Rain, rain go a-Hue!

Trip Start Nov 29, 2008
Trip End Jan 18, 2009

Friday, December 26, 2008

We departed Hoi An early in the morning, boarding a public bus for the last time this trip for our four hour trip to Hue. To give you an idea of the road conditions, the distance is only 120 kilometers! Numerous hairpin turns, windy roads, and an area around a bridge so potholed that we were moving more side-to-side than forward meant very slow progress.

After a 1 pm arrival in Hue, we had a few minutes to recuperate in the hotel before heading out for lunch and a tour of the city in the light rain. We boarded a traditional dragonboat and slowly sailed down the Perfume River for about half an hour before disembarking at the historic Thien Mu Pagoda, the oldest pagoda in Hue and the symbol of the city. Still a working Buddhist temple today, it also houses a rather morbid artifact: the car that the monk Thich Quang Duc rode in to Saigon to set himself on fire, as seen in the famous photograph.

Back on the boat, we sailed for another half hour or so before landing in what appears to be the middle of nowhere. But a small muddy footpath materialized as we approached. We bade farewell to the boat crew and walked up the path to our waiting motorcycle drivers, who escorted us to the tomb of the Emperor Tu Duc. The good Emperor kept himself busy with over 100 wives and concubines, but never had any children due to a case of the pox as a child which left him sterile. Also, no one knows if he's actually buried there, as fears that a subsequent dynasty would unearth the remains of the formers' kings made hide-the-corpse a popular game among Vietnamese rulers.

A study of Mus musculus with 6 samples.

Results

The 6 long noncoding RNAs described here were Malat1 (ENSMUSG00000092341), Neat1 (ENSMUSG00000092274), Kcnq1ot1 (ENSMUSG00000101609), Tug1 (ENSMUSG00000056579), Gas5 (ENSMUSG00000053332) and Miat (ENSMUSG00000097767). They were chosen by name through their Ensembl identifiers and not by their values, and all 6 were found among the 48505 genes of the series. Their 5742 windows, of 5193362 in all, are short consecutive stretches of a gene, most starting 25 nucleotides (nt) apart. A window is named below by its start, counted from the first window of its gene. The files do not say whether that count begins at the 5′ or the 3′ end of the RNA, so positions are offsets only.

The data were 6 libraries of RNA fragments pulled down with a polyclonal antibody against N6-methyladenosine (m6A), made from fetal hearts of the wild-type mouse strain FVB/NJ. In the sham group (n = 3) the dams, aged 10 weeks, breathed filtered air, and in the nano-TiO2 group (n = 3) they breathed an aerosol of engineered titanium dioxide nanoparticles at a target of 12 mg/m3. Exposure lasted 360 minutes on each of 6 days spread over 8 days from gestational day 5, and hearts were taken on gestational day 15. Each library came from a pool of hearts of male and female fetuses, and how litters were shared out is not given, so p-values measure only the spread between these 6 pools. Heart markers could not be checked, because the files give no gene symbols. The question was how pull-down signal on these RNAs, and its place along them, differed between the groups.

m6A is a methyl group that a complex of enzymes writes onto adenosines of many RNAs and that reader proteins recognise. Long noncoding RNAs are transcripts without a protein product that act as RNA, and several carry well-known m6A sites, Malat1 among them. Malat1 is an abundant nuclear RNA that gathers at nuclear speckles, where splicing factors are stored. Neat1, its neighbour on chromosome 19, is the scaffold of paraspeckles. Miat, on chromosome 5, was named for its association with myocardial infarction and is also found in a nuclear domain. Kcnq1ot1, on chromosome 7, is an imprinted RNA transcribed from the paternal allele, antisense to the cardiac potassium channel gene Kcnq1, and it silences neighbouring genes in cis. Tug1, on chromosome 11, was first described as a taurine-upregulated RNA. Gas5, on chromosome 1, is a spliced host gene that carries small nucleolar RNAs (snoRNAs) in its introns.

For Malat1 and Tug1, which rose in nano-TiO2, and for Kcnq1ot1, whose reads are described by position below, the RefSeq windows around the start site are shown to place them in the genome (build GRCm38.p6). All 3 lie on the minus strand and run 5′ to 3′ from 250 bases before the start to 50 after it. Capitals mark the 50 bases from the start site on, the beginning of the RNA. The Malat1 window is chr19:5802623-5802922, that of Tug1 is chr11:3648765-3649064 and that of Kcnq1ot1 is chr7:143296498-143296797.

Next was meant to be another historic pagoda (Bao Quoc, I think) where the emperors themselves worshipped, but it was past five and it had just closed. So we hopped back on our motorcycles and rode through what was now a rather intense rain back to our hotel.

That evening, four of us enjoyed a "royal dinner," a fancy dinner complete with singing and music, foods cut in the shapes of birds, and even dressing in traditional royal costumes. A bit pricy, but a fun (albeit campy) experience.

The next day we walked to the Imperial Citadel, and wandered around most of the morning and into the afternoon. The grounds are vast and it's impossible to see everything, but I managed to get in most of the highlights despite the perpetual drizzle. That afternoon, we boarded our second overnight train, a massive thirteen hour journey to the capital Hanoi.